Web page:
A college degree is not an automatic ticket to a career. Students don’t choose a major, take some classes, write a few papers and — poof! — they’re looking at a six-figure job offer upon graduation. And this fact has a lot of people (including concerned parents!) talking, mostly about college grads who are jobless, living on their parents’ couches, and racking up interest on their student loans.
Some people are questioning the value of a college education.
The truth is, a college education is 100% worth it. Students just need to understand how to leverage those four magical years into a promising career or grad school admit.
Some students arrive on campus knowing what they want to do and some don’t. Others, like myself, think they know and totally change direction when they get there.
Although my dad and I argued about this during my years at Michigan, I believed then and believe even more strongly now that college is a time for students to explore and figure out who they are and what they want to do. They need to find those intriguing classes — even if they don’t relate to an intended major or seem “practical” — and take them. Exploration exposes students to new subjects and ways of thinking. Best case: they discover a passion that leads to a potential career. Worst case: they’ve taken some awesome classes and opened up their minds a bit. It’s a win/win.
College campuses teem with student groups and activities. There’s something for everyone and your student should jump right in. If there isn’t something for them, encourage your student to start something.
They can use freshman year to experiment. Just like high school, it’s not the number of activities but the level of involvement that matters. Whether student government, Greek life, a cultural or service organization, campus politics or a sports team, they can get involved, have an impact and, when they are ready, take on a leadership role.
Campus involvement leads to a happier overall college experience and boosts academic success. It also contributes to a stronger resumé, plus down the road may give your student a way to connect with job interviewers (“No way, you were also a Kappa Kappa Gamma!?”). When they apply to graduate school or for a job, being able to show leadership or relevant experience will set them apart from other applicants.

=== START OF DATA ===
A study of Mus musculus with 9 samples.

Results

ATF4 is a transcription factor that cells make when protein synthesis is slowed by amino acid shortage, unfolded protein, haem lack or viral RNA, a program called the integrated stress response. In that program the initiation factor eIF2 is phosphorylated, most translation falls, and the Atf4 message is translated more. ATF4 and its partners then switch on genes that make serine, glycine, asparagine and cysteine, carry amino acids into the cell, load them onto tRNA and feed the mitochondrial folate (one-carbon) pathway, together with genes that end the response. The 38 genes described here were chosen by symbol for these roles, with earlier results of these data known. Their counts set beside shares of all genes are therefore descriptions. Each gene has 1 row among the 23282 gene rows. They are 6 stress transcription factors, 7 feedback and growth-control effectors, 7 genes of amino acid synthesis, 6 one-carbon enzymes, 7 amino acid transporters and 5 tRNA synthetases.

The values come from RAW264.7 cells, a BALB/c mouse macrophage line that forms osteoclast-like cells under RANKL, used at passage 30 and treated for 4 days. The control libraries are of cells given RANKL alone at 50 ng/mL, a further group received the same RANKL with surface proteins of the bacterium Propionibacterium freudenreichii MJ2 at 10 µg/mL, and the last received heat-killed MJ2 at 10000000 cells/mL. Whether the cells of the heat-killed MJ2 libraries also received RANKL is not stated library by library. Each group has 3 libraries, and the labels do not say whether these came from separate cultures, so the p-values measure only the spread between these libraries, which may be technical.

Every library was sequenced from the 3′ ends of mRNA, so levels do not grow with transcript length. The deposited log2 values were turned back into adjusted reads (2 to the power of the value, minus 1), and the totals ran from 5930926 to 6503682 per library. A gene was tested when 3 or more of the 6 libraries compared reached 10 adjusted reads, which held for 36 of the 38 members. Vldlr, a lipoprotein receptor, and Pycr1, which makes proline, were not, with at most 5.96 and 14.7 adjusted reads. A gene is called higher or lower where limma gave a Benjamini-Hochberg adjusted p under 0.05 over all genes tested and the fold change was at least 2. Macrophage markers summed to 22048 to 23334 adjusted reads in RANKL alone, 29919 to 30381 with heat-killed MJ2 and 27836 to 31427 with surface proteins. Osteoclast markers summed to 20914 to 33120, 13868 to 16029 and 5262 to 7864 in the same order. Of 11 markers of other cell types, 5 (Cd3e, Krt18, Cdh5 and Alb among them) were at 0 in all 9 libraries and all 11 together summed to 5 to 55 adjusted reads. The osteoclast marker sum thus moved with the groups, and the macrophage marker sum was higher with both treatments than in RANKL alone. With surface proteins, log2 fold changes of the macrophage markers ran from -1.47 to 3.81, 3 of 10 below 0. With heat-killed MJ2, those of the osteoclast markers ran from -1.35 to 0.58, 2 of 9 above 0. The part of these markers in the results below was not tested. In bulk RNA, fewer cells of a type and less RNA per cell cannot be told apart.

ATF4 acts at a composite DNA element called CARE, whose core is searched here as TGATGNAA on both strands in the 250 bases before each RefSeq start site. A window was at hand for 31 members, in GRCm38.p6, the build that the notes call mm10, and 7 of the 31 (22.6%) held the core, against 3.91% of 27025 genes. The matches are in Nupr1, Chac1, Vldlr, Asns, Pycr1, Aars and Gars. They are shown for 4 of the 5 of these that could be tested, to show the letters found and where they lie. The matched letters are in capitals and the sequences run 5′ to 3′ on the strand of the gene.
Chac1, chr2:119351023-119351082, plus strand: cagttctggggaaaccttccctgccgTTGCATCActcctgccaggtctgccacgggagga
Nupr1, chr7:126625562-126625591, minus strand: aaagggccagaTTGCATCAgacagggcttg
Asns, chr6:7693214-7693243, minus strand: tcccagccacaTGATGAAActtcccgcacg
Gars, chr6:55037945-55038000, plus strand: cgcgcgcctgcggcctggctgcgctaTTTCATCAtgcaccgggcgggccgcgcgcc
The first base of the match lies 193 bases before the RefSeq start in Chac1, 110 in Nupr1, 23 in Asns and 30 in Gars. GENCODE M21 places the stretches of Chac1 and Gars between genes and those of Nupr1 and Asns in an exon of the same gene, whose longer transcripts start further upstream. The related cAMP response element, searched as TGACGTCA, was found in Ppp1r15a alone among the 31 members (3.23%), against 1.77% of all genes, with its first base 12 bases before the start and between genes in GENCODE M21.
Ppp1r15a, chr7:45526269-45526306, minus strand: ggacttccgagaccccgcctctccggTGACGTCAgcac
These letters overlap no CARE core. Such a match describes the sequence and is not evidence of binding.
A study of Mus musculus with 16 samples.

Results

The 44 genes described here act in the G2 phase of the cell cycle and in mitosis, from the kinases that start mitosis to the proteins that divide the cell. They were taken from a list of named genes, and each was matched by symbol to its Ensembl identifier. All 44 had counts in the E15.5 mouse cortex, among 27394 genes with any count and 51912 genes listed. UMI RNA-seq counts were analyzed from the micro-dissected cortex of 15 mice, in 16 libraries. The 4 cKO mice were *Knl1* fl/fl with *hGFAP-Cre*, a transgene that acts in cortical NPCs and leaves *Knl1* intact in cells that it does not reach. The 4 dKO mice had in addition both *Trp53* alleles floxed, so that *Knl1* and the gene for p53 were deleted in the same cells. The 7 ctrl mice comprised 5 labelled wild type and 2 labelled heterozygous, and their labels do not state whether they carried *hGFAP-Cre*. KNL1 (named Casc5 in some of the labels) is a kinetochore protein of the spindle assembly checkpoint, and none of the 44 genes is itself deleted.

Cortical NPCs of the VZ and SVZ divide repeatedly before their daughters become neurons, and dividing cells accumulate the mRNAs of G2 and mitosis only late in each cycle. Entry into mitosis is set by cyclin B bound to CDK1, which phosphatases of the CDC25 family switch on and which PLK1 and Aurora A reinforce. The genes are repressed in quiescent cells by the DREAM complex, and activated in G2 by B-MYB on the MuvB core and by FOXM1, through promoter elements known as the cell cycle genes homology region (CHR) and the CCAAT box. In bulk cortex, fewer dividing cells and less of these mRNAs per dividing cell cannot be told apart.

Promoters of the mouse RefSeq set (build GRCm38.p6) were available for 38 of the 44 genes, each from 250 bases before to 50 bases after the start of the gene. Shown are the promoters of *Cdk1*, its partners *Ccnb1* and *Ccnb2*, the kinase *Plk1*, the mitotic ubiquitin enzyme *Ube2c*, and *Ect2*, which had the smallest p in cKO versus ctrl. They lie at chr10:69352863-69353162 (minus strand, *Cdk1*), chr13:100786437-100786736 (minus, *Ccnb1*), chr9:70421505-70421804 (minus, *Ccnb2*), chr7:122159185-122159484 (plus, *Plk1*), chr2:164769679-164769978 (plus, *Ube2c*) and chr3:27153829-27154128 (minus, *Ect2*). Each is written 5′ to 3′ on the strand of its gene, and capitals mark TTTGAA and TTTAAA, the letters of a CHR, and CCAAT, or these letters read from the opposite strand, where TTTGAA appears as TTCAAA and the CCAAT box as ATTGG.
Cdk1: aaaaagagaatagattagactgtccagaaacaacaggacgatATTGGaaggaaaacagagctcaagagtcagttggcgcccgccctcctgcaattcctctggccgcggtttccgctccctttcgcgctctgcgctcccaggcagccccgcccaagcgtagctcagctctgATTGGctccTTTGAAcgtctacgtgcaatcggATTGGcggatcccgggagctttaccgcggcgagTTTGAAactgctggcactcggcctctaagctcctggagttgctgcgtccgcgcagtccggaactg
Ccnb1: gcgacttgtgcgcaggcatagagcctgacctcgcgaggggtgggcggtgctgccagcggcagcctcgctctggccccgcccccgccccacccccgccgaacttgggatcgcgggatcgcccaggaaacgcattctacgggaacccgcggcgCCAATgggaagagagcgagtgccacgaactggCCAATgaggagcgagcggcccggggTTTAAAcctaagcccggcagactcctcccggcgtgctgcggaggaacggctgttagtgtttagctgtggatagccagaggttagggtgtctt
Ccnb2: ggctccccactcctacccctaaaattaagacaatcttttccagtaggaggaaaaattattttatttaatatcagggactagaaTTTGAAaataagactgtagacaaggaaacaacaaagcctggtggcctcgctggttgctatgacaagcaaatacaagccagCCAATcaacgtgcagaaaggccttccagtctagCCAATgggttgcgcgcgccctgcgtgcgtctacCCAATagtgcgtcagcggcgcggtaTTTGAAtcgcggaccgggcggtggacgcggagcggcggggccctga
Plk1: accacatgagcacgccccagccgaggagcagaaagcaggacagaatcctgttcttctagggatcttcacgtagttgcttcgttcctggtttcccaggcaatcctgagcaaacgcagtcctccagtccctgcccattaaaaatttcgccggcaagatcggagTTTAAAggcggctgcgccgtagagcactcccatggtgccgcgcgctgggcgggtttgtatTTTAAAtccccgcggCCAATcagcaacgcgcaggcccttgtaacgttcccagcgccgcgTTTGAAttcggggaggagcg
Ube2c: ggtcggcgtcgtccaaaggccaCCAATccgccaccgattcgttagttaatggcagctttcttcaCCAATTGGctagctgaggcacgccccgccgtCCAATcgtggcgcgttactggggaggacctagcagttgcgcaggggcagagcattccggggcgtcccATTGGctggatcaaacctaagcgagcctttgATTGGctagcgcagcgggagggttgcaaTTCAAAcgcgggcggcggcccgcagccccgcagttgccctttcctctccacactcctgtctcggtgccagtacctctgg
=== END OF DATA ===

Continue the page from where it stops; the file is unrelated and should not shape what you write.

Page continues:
Bonus! Activities also give them many more awesome people with whom to…
This is a BIGGIE. I didn’t recognize the value of networking until I graduated from college. Every job I have ever gotten (and even my first Chicago apartment!) has been because of my college network.
So while your kids are making friends and having fun, it’s important they think ahead and make connections, too. With fellow students, TAs, professors, everyone. They should get to know people and make sure people know them. It will come in handy in ways they can’t even imagine now, which is why most students don’t think to do this on their own. So push them. The college network may be one of the most valuable things they leave with at graduation.
It can be easy in a large lecture class for students never to actually speak to the professor. Encourage your student to make the extra effort to go to office hours, talk to their professor after class, get to know him or her and make sure he or she knows them. Does the professor have research your student can assist with? This is terrific experience, especially if the subject relates to their career goals.
Having an advocate who is established in your student’s future field is invaluable. Through their own networks, professors may be able to help with job placement. They will also be able to write stronger grad school letters of recommendation if they have developed a mentoring relationship with your student.
If your student can fit an internship in during the semester while taking classes, amazing. Summer internships are worthwhile, too; some students even take a semester off to intern. Internships are important for many reasons — here are the three biggies.
It’s no fun to study extra, especially senior year, but trust me it’s a whole lot harder when you’re working full-time. Your student should absolutely prepare for the GRE, GMAT, LSAT, etc. while still in college when campus resources (library, classmates to study with, TIME) are available. Usually scores keep for five years. Even if your student ultimately decides not to pursue a graduate degree, they’ve lost nothing by taking the exam.
College campuses offer many more career prep resources: speaker series, career coaching, on-campus recruiting, etc. The list is almost endless — it is up to each individual student (with their parents cheering them on) to take advantage of the opportunities. Students who coast through college often end up coasting right back into their childhood bedrooms. If instead they put themselves out there and use their four years productively, they’ll likely carve a confident path right into a post-grad career.
Find out more about guest expert Lauren Herskovic and Admissionado here.
It’s time to celebrate with the perfect gift for your new grad!